When Luke Rowen ’19 first picked up a deck of “Magic: The Gathering” cards as a junior in math teacher Andy Stout’s Design and Data Structures class, he was not thinking about college recommendations. One month later, when he traveled with Stout and other members of the Magic Club to Phoenix for the Grand Prix, a Magic tournament, he was focused on beating his next opponent, not on what adjectives Stout might use in the future to portray him to colleges. And one year later, as he walked slowly toward the math office to ask Stout for a college recommendation letter, Rowen was thinking about the last Magic game he played against Stout, not stressing over whether Stout would say yes or no.
“People always make the joke that when you see your teacher at a grocery store, you duck behind an aisle, but what was funny about going places out of school with Stout was that I realized he is the same person in class as he is out of it,” Rowen said. “The more I got to know him and he got to know me, the more I realized ‘yeah, this is the kind of person I can trust with my rec.’”
Between May of junior year and October of senior year, students typically ask two teachers to write letters of recommendation for their college applications. Throughout their sophomore and junior years, students build relationships with their teachers and advisors through classes and extracurricular activities. Once students make up their minds about who they want to write recommendations for them, many make an effort to build deeper connections with those teachers in hopes of receiving a stronger recommendation.
Though Kate Konvitz ’20 has not yet decided who she is asking for recommendations, she said that getting to know teachers one-on-one plays an important role in her decision-making process.
“With teachers who I am considering asking, I focus on meeting with them a lot more and making sure that I can get a better sense of both [sides] of the relationship,” Konvitz said. “Before I make a choice, I want to know if they are someone that I can really connect with on a more personal level — someone that I can feel relaxed around and have a friendship with.”
When Stout writes his letters of recommendation, he often draws upon experiences he had with students outside of the classroom, he said. Almost every recommendation he has written at the school has been for students who he got to know in part through the Magic club.
“Whatever I think of most when I think of that student is what I write about – whatever ‘wows’ me about that student,” Stout said. “In [Rowen’s] case, [Magic] gave me anecdotes and stories about his character, in addition to a perspective on how he acts outside of the classroom.”
Anthony Khaiat ’19 said that he thinks experiences with his teachers outside of class gave them more to write about. When, as a sophomore, Khaiat learned that his French teacher Simona Ghirlanda was involved with various French activities outside of class, he jumped at the opportunity to get to know her better, he said.
“One day she asked me to fulfill my school service requirement doing French audio recordings in the language lab,” Khaiat said. “I didn’t really know what to expect, but I saw it as a chance to show my commitment to French, and it ended up being really fun. Through that, I think she really got to know me as a person rather than just a student, and it solidified my relationship with her.”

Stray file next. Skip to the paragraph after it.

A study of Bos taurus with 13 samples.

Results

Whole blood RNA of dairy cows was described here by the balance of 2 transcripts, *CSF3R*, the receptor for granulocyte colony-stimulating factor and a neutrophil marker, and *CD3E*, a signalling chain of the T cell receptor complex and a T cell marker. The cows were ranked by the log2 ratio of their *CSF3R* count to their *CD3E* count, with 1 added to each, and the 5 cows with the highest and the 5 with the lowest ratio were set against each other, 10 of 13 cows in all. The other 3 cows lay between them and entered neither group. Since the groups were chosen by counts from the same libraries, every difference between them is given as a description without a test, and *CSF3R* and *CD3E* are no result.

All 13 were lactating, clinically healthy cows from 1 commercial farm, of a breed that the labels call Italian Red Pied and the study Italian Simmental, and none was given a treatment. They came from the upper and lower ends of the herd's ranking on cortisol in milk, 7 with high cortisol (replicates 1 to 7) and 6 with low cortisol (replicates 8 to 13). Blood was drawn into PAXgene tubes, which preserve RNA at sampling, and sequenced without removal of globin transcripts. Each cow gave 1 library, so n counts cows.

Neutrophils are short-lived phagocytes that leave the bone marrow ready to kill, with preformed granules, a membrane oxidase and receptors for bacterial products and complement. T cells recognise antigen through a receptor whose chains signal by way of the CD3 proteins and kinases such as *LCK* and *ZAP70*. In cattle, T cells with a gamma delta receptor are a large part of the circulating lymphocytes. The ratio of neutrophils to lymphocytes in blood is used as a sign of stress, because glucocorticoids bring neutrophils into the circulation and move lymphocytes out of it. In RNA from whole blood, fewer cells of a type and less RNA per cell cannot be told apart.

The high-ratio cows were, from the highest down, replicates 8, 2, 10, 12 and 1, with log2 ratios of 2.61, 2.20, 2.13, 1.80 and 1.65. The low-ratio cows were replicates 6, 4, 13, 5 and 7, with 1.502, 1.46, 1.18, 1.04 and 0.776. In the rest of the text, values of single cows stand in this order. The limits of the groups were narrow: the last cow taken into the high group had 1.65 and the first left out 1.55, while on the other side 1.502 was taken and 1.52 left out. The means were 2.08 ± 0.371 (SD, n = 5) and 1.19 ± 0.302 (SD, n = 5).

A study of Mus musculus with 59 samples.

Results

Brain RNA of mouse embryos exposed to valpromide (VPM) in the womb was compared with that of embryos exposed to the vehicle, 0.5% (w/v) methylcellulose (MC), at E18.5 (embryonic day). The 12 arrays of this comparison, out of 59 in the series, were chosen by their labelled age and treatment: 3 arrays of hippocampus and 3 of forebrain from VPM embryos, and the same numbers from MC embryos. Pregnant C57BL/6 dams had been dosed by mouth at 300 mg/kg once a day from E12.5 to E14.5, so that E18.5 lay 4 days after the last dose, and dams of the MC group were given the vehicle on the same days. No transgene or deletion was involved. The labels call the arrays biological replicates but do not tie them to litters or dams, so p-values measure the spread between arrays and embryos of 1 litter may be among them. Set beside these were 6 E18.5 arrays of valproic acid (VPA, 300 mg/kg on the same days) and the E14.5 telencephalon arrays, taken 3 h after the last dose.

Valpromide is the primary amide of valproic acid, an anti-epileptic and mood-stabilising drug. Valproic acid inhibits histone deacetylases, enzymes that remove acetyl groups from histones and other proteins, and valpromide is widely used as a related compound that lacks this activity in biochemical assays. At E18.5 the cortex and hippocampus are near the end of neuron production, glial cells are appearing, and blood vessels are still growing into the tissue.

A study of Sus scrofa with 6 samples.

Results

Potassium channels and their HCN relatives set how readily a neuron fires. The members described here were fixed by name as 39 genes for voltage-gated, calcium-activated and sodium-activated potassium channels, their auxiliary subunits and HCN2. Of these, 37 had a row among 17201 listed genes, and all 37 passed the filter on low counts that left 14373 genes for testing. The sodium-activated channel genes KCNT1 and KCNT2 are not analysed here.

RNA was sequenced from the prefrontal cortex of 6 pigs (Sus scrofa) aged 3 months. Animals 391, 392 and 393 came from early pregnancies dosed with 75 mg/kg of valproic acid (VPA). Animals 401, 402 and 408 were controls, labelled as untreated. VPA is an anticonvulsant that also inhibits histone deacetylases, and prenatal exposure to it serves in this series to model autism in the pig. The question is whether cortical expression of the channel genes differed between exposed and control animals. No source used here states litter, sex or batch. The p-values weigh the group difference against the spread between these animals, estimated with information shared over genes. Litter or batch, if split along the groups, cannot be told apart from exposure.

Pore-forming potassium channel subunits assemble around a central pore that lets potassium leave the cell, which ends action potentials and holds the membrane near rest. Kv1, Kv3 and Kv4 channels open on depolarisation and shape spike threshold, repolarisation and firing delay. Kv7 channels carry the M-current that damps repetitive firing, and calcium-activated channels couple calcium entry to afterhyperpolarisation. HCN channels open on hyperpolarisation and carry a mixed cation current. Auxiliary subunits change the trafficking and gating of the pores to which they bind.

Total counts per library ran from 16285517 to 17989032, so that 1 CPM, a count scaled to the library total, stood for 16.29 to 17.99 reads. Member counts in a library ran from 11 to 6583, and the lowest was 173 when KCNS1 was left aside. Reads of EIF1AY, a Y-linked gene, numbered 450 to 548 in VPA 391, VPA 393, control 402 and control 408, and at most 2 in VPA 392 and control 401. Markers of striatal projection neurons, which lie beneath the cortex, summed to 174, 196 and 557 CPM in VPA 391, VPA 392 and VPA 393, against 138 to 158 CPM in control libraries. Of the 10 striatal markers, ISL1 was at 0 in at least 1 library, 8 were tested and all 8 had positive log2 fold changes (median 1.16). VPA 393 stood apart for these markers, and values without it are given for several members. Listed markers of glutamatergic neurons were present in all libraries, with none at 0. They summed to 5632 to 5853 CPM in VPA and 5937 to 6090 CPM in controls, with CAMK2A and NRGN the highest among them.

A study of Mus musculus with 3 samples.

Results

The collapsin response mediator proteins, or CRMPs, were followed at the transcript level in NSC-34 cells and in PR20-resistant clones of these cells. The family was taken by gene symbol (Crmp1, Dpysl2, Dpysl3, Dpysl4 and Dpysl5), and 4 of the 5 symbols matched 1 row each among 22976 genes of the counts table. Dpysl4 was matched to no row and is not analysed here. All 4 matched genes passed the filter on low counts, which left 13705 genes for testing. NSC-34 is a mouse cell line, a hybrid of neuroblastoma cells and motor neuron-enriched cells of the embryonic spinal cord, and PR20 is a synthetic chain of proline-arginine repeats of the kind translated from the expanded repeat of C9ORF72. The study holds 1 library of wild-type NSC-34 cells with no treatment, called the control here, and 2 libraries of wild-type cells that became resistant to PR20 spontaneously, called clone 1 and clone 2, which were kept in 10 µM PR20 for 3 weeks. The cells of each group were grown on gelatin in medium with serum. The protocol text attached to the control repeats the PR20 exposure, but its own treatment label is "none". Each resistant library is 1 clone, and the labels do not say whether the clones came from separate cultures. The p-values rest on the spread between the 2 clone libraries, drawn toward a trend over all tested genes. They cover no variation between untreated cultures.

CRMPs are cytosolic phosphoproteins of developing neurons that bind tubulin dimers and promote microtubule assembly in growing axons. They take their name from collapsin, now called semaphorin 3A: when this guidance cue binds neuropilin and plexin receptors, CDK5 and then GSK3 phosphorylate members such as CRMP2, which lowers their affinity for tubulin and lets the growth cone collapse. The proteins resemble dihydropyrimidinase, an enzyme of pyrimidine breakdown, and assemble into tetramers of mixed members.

While some students may think it will benefit them to try to get to know their teachers better in anticipation of asking them for a recommendation, their attempts can often go overboard, Spanish teacher Sephora Escarpeta-Garcia said.
“If you want to build a teacher-student relationship with me where we have discussions about topics inside or outside of the class, that is great, but I would not want you to take advantage,” Escarpeta-Garcia said. “I put effort into reaching out to students as a person, and it hurts my feelings to be treated just as a possible recommendation.”
Students also will often target teachers for recommendations whose classes they have performed best in. While some students want their teachers to talk about their strong class performance, this may not be the best approach, Upper School Dean Sharon Cuseo said.
“When we discuss options, students can be so reluctant to get letters of recommendation from a class that is one of their lower grades, but that is often the best person to get a recommendation from,” Cuseo said. “Colleges can look at the transcripts if they want to know how well a student did in class, but the recommendations tell schools so much more about who the student really is.”
Though writing recommendation letters often coincides with other significant deadlines and work, Ghirlanda said that the gratification she feels from being able to reflect on her relationships with students is rewarding and validates the time she spends writing the letters.
“I would define [writing recommendations] as a ‘labor of love,’” Ghirlanda said. “I take great pride in writing letters that are unique for each student. I myself need to recognize each letter that I write as non-recyclable for others, and that takes work, no matter how many words I decide to use.”
Choosing a teacher to write a recommendation should be less about checking off boxes on a college application, Rowen said. Instead, a recommendation letter is the culmination of a strong, unique, organically formed relationship between a student and a teacher.
“If you are being nice to a teacher because you want them to write you a recommendation, it’s not the right teacher,” Rowen said. “At the end of the day, it’s kind of like building a relationship with a classmate. The only difference is that instead of a Jane or a Tom, it’s Mr. Weiss, or it’s Ms. Hutchison or it’s Mr. Stout.”